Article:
France Aims at Deepening Ambition of Its Next National Plan and Opens Up a Participatory Platform
On March 15th, France released an online platform to initiate the development of its next national action plan. Open to public administrations, civil society organizations and other stakeholders, this platform will gather contributions in order to build up ambitious and transformative commitments to be endorsed by the next government.
An iterative and inclusive process
Following OGP Participation & co-creation standards, the elaboration France’s next national action plan includes diverse types of co-creation and dialogue formats.
Online consultations to collect ideas and comments: a first consultation, opened until April 15th aims at gathering contributions on how to strengthen transparency, participation, transformation within public action as well as highlighting commitments from the first national action plan that should be continued in the second. Mid-June, a draft version of commitments will be submitted through a second online consultation in order to improve their potential of impact and transformation. Thanks to this participatory process, stakeholders have a clear visibility of how the NAP is built. Contributors can also have access to the mid-term self-assessment report as well as examples of actions implemented thanks to national action plans. The IRM mid-term report recommendations will also be integrated in April into the online platform.
In-person meetings and workshops to organize follow up and build commitments: initiated by a launch event “Ministère Ouvert” in February 2017, several meetings will be held to gather feedback from stakeholders. Public administrations are invited to inform and gather their specific communities to enlarge participation. During a 2 month period, from the 15th of April until the 15th of June, the Etalab task force will be presenting the first consultation results to administrations in order to build commitments and set a clear and constructive agenda to be adopted by the government in September 2017.
Deepen open government and increase transparency, participation and transformation in new public policy areas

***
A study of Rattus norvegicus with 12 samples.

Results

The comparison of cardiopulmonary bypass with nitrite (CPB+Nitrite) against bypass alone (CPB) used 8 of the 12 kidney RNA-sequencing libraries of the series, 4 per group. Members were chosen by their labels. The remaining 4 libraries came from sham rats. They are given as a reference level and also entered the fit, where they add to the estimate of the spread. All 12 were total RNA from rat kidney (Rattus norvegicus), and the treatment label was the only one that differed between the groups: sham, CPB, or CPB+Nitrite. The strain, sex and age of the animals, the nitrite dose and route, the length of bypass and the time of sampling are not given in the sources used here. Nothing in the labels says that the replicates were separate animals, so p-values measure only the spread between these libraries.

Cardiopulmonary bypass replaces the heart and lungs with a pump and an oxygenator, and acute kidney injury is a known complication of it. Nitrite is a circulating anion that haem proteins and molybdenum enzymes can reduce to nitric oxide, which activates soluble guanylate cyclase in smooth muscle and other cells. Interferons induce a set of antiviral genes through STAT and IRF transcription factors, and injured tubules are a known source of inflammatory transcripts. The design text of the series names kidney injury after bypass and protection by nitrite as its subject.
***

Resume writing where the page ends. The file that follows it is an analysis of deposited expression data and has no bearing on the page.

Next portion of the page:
The significant outcomes of the 4th Open Government Partnership Global Summit organized by France in December 2016 will help improve national action plans. One of them is “Solutions Agenda”: the 20 collective actions endorsed by governments and civil society organizations are efficient incentives to consolidate national commitments. France signed up to 14 collective actions and will work with public administration to further their implementation; especially the one France has taken a lead on: open public procurement, opening and share civic technology, creating on an open source policy, and transparency on international trade negotiations.
The 2016 OGP Global Summit also highlighted how open government principles can instill in new public policy areas. Traditionally, the main verticals of NAP commitments focus on anticorruption, access to information and public participation. New themes and approaches of open government are emerging, as shown by the 2016 edition of What’s in the new OGP national action plans. In its 2015-2017 national action plan, France included 3 specific commitments about open government and climate change. As of today, their implementation is almost complete. One of the objectives for France’s next national action plan is to include commitments on specific sectors such as education, housing, labor, or healthcare. Some very interesting initiatives have already been implemented in these areas to enhance transparency, efficiency and citizen control. For instance the Ministry of Housing built a portal to access information on public housing, emergency accommodation and rent prices accuracy.
Several commitments are expected to deepen the implementation of the “Digital Republic” bill, adopted in October 2016. For instance, the bill introduces the right for citizens to be informed when an individual decision has been made with an algorithm and to ask details on the decision’s criteria. The ultimate possibility would be a direct access the algorithm’s code. The Etalab task force is currently working with the Ministry of Higher Education and Research to specify the conditions to open the source-code of a service called “Admission Post Bac”, which determines students’ allocation in French universities. By opening this code, citizens would be able to better understand how allocation choices are made, suggest ways to improve it, and drive greater collaboration to build simulators, models and new public service applications. This approach could be adopted for other source-codes produced by the administration in many policy areas.
The development of France’s national action plan for 2017-2019 is both a challenge and an opportunity for the French open government community to perpetuate a transparent and collaborative public action in the next years.